WASHINGTON — In his first speech to an American Jewish organization since becoming secretary of state, John Kerry explained Monday why he’s dedicated so much of his first few months in office to breathing new life into the Israeli-Palestinian peace process, which he admittedly described as “hardly a process at all.”
“Ma nishtana (what is different) this time?” he asked in Hebrew, riffing on the first of the four questions asked at a traditional Passover Seder.
His answer: “We are running out of time and possibilities.”
The secretary said the US and Israel “may not get another chance at peace” and warned that the current Palestinian leadership won’t be around forever, especially if the West Bank economy “implodes or if the Palestinian security force fails.”
“What would replace them?” he asked. “The status quo is simply not sustainable. A stalemate today will not remain so tomorrow…Are we prepared to live with permanent conflict?”
‘I still believe peace is achievable and, more than ever, it’s worth fighting for’
Ticking off previous peace efforts – Oslo, Taba, Wye, Annapolis, etc – Kerry acknowledged the deep skepticism and cynicism in getting peace negotiations back on track.
“I still believe peace is achievable and, more than ever, it’s worth fighting for,” he said. The secretary urged the American Jewish community to rededicate itself to the fight for a negotiated settlement based on a two-state solution.
“The best way to assure Israel’s future is an agreement resulting in two states for two people, each able to fulfill their national aspirations in a homeland of their own,” he said, adding that Israel’s future as a Jewish and democratic state cannot be maintained in a one-state scenario.
Since taking office on February 1, Kerry has made four trips to Israel, more than any other country. Earlier Monday, his office announced a fifth trip to the Jewish state scheduled for next week.
Even though he said the conflict is “not the cause of problems in the Middle East, but rather an excuse for autocrats to shift blame away from themselves,” he said a lasting peace agreement could have far-reaching consequences that benefit Israel.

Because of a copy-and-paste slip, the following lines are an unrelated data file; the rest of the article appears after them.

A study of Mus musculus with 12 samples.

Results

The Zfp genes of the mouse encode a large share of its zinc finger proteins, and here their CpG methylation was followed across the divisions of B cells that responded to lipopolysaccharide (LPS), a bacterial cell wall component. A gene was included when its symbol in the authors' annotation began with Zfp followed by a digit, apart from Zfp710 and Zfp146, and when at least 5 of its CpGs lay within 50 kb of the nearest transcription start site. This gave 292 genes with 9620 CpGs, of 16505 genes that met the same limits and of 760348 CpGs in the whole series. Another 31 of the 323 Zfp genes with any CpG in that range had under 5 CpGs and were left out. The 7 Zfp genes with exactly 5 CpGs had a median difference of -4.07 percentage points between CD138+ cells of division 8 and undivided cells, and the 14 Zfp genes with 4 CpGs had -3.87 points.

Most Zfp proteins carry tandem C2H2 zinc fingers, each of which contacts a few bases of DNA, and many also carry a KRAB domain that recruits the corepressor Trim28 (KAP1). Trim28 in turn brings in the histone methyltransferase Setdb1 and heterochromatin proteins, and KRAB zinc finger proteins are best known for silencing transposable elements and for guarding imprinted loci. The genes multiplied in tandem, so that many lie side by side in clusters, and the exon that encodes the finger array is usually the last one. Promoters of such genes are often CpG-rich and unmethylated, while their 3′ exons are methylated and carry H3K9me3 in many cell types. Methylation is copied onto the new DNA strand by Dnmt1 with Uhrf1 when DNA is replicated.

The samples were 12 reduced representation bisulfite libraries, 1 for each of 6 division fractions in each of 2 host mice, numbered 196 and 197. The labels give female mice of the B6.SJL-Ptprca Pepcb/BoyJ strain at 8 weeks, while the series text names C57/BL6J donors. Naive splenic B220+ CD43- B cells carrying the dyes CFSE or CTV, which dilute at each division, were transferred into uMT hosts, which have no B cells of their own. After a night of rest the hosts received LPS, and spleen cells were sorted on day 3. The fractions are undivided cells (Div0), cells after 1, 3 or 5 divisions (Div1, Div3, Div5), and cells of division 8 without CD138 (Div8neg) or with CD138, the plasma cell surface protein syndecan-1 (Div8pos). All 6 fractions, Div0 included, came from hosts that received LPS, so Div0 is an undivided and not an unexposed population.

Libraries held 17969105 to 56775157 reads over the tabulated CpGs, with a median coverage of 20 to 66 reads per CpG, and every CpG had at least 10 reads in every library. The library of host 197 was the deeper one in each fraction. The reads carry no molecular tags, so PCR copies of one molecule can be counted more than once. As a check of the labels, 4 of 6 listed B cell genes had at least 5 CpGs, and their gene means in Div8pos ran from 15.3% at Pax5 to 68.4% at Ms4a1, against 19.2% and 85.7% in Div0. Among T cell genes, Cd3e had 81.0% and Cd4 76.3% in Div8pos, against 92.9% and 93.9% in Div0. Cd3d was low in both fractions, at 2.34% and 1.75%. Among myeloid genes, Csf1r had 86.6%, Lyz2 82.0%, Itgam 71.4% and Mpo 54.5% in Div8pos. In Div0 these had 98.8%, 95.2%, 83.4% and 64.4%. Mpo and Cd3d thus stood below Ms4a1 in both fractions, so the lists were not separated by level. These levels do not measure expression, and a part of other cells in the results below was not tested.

Secretary Kerry delivered his remarks at the American Jewish Committee’s annual Global Forum.
If some of the secretary’s talk was tough love for an American pro-Israel audience, it was couched in personal anecdotes about Kerry’s long association with Israel and the American Jewish community.
Upon being introduced, Kerry was greeted by a loud round of applause and a standing ovation. He began by acknowledging the presence of Israeli Justice Minister Tzipi Livni and US Supreme Court Justice Stephen Breyer, then paused to remember US Senator Frank Lautenberg, who died Monday at the age of 89.
“Senator Lautenberg was a champion of Israel and the Jewish community,” he said, noting that Lautenberg was the last World War II veteran serving in the US Senate.
Kerry told the crowd about his first visit to Israel in 1986 with 15 Jewish friends from Massachusetts and described their collective yell of ‘Am Yisrael Chai’ at the top of the ancient Jewish fortress of Masada. As a five-time US senator and former chairman of the Senate Foreign Relations Committee, Kerry said he’s met every Israeli prime minister in the past 30 years and described himself as a “true friend of Israel.”
‘The US will prevent Iran from acquiring a nuclear weapon’
He said President Barack Obama is equally committed to an “unshakeable” bond with the Jewish state.
In the loudest and longest applause line of the speech, Kerry earned a standing ovation when he emphatically said, “Let me say this clearly: The US will prevent Iran from acquiring a nuclear weapon.”
This year’s AJC conference brought together more than 1,500 participants from across the United States and 60 Jewish communities around the world. Other scheduled speakers include the foreign ministers of Azerbaijan, Greece, Poland, and the Czech Republic.
Justice Minister and chief Palestinian negotiator Livni also spoke at the conference, stressing that “time is working against those who believe a two-state solution is the only Zionist way to maintain our identity.”
“There are those who wish to postpone the decision, but doing so would be a historic mistake for anyone who calls themselves Zionists,” said Livni.